Domestic Scarifiers Vs Commercial Scarifiers: What’s The Difference?
22nd Aug 2012
When we provide people with a free lawn analysis quotation, the chances are, providing that they haven’t had their lawn treated before, their lawn will require a scarification.
When people have already attempted to scarify their lawn themselves with a domestic machine, the damage can often result in the lawn taking quite a long time to recover.
Domestic Scarifiers Explained
They can be purchased in common DIY shops, they’re electric powered and are a similar size to an electric lawn mower. They’re also known as electric rakes.
The blade system consists of wire springs that rotate in an attempt to rip out thatch from the lawn. However, because the blade system is not powerful enough to go very deep into the turf, a very poor job is usually completed and often results in destroying the grass stallion with a splitting action. This allows disease to enter and dead areas start to appear.
A lot of people seem to use their electric rakes incorrectly as well by continuously running them over the same area until the grass plant is completely destroyed and bald patches appear.
This electric rake is classed as one of the “better” domestic scarifiers available. Notice that the thatch is barely being pulled out of the lawn and the scarifier is throwing dust-like grass everywhere.
Compare this to the video at the bottom of the page to see the difference in thatch removed.
Commercial Scarifiers Explained
The commercial type machines that we use have a solid or folding flail blade system. These are pushed so that the user is aware when the machine is “biting” the turf. Some machines are powered, but only if the rotation of the blades is opposite to the direction of travel.
In simple terms, the machine is powered forwards if the drum rotation is pushing backwards.
Flail blades continuously rotate as the entire shaft rotates, where as straight bladed machines don’t but create ideal lines in the turf for seeding afterwards.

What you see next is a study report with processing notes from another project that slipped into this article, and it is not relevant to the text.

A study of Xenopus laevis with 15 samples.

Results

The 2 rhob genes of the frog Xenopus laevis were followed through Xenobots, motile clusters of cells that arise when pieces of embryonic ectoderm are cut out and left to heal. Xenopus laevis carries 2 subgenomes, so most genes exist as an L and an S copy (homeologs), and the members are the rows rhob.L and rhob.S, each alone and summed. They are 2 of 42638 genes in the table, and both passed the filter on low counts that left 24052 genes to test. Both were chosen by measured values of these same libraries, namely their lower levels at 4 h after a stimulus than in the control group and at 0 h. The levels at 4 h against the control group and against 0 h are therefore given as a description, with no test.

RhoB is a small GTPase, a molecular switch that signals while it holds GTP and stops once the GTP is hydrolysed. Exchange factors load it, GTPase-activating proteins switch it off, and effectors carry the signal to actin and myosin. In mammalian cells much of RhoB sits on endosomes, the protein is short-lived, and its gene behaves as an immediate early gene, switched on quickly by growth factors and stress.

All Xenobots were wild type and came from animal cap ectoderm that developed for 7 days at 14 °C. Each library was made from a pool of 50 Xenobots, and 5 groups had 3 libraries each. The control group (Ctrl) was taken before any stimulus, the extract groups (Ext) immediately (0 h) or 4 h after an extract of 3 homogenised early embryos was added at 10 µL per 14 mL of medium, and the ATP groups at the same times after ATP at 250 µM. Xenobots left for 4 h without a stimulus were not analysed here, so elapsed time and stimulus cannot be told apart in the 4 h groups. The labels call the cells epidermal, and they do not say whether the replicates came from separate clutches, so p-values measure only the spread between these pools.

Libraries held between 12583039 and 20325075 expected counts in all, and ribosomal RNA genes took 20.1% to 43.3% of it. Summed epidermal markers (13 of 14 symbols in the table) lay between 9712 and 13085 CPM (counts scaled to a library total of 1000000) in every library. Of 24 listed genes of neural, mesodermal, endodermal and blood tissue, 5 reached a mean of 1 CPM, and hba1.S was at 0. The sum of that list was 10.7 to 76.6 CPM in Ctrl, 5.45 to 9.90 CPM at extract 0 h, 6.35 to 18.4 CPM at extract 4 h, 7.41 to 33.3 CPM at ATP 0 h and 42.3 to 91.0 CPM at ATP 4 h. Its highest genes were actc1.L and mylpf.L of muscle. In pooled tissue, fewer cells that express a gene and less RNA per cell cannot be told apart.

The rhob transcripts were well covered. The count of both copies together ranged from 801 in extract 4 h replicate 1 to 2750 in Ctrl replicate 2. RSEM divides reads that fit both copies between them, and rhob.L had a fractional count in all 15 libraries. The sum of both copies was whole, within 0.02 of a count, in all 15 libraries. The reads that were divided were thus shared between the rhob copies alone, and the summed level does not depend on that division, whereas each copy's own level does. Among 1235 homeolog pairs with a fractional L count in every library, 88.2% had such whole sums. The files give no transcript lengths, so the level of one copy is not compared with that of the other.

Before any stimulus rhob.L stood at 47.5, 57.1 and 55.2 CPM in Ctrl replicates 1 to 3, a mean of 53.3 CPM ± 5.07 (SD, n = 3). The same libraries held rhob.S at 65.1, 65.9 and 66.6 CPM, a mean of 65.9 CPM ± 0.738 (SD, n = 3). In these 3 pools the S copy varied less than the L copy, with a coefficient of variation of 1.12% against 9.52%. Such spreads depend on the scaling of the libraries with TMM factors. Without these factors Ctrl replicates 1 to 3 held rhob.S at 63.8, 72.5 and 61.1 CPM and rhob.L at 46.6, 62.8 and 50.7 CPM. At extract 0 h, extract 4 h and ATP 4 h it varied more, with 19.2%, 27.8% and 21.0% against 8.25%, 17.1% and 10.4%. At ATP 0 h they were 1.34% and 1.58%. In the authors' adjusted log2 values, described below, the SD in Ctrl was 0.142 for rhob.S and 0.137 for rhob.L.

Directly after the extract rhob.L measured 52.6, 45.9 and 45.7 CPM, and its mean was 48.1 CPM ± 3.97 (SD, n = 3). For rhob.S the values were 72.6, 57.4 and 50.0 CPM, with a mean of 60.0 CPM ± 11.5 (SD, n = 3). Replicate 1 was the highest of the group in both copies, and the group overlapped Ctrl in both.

The thickness of the blade and type of machine required must match the turf type though. For example, fescue grasses will require a thin bladed machine and need to hit the soil to a depth of approximately 5mm.
Once all of the debris has been cleared from the lawn, commercial machines leave a very clean area in comparison to domestic machines which tend to just rip the thatch upwards but not completely pull it out from the turf base.
More Harm Than Good
Overall, domestic machines either aren’t powerful enough to pull the thatch out properly, or the user runs them over the same area for too long, leaving no grass left.
In most cases, the process of scarification should be quite ruthless, but not to the extent where it ruins the lawn. The only exception to completely ripping out all the thatch would be when over-seeding and top-dressing renovation methods are to be completed afterwards.
Here’s a video of a commercial scarifier to show you what we’re talking about. Notice how the machine is quite powerful and is ripping out the thatch very effectively. It may look like seeding would be required afterwards at minimum. However, the lawn was not seeded or top-dressed and was back to good health in around 4 weeks.
Commercial is the Way
Our opinion may always seem biased on this topic, but commercial machines are clearly the only way to complete an effective job of moss and thatch removal. We can’t stress this enough.
Knowing how deep a scarifier can be used on a lawn, without causing any damage takes years of experience and carful judgment of the operator.
Remember, scarification is not designed to remove all moss from a lawn.